The party has suggested seven potential sites for the new parks, in Wester Ross, Galloway, Glen Affric, Harris, the Borders, Ben Nevis and on the west coast.
Decisions would be reached about the new parks based on local support, the contribution to public access and the potential for the protection of wildlife.
The current national parks, Loch Lomond and the Trossachs and the Cairngorms, would also see their funding double under the plans, as well as the creation of regional parks.
Speaking ahead of a visit to Loch Lomond on Tuesday, Greens co-leader Patrick Harvie said: “A Scot invented the notion of a national park, so it’s shameful that we have so few here in Scotland, and those that we do have are in poor condition and under threat.
“Unlike the great American national parks, ours are not run for and by the people, but instead are dominated by grouse shooting and commercial developments that threaten vital wildlife habitats.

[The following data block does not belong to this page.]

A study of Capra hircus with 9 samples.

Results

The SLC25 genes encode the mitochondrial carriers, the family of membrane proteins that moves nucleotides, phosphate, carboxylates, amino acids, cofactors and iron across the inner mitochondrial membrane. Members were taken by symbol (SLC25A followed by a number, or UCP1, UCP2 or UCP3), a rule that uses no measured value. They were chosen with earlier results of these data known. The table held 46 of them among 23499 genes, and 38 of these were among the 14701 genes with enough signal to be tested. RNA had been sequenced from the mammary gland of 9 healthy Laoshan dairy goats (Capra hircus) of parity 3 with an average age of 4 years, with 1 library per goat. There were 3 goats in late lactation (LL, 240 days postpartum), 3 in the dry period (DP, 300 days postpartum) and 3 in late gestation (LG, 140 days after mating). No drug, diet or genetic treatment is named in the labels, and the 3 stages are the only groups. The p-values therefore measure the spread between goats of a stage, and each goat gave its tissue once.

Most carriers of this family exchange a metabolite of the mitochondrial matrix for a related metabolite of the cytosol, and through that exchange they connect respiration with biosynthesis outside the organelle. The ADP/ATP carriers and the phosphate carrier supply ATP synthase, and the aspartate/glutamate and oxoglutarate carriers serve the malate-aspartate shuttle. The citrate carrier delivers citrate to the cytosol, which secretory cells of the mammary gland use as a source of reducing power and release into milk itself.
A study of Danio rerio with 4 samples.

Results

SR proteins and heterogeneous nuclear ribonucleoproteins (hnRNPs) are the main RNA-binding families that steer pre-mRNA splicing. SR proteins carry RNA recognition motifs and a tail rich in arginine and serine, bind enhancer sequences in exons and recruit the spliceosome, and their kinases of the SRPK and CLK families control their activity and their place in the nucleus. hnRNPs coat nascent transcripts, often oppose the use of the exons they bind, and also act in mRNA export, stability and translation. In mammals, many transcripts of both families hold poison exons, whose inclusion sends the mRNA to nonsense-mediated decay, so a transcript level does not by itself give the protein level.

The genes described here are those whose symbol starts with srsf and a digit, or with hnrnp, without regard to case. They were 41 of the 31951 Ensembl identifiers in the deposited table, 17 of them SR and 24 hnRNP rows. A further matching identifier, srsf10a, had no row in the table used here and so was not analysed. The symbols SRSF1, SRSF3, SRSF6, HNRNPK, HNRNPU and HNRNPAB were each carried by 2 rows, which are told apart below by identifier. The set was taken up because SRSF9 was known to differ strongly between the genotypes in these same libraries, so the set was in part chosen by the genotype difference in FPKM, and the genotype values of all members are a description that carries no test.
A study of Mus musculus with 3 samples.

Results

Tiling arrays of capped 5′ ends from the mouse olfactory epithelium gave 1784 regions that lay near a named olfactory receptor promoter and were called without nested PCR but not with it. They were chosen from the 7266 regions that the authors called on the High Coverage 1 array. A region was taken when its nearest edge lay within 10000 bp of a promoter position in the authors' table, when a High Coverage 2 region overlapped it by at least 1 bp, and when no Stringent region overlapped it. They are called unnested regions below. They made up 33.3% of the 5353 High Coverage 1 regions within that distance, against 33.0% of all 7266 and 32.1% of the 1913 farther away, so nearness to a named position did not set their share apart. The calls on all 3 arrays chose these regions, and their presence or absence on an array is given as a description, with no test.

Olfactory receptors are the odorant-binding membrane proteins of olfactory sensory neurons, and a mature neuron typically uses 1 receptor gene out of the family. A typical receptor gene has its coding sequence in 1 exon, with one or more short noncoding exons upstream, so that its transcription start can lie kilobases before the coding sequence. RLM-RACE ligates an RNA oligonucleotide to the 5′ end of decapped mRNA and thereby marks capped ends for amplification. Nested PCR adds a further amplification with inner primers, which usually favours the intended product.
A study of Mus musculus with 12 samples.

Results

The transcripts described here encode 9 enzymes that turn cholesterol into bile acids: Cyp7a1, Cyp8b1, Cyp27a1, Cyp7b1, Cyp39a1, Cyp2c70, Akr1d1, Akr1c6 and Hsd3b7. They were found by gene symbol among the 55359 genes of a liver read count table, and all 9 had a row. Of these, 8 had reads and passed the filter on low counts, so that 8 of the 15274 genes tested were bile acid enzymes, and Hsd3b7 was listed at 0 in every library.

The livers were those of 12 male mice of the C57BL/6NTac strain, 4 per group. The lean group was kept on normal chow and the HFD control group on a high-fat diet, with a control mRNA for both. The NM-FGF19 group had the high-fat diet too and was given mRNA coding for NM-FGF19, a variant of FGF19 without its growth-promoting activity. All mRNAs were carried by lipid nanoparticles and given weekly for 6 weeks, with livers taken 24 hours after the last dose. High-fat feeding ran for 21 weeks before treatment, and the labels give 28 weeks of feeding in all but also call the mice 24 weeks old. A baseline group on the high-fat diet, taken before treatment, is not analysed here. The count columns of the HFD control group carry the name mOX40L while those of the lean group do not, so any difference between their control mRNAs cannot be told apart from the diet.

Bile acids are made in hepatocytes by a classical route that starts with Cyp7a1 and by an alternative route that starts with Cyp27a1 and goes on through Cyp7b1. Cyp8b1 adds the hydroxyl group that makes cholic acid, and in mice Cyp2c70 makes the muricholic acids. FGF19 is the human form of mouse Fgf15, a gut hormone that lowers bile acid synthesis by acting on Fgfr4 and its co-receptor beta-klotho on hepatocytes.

“The Scottish Greens will renew our national and regional parks as part of our bold, co-ordinated efforts to restore nature and tackle the climate and nature emergencies.
“That means at least doubling the number of national parks and creating regional parks to restore our natural environment, boost tourism and create rural jobs.”
The party’s plans would also see the creation of a National Parks Service to support the management of parks across the country, while park authorities would be given more powers to grant subsidies within their boundaries to support land restoration.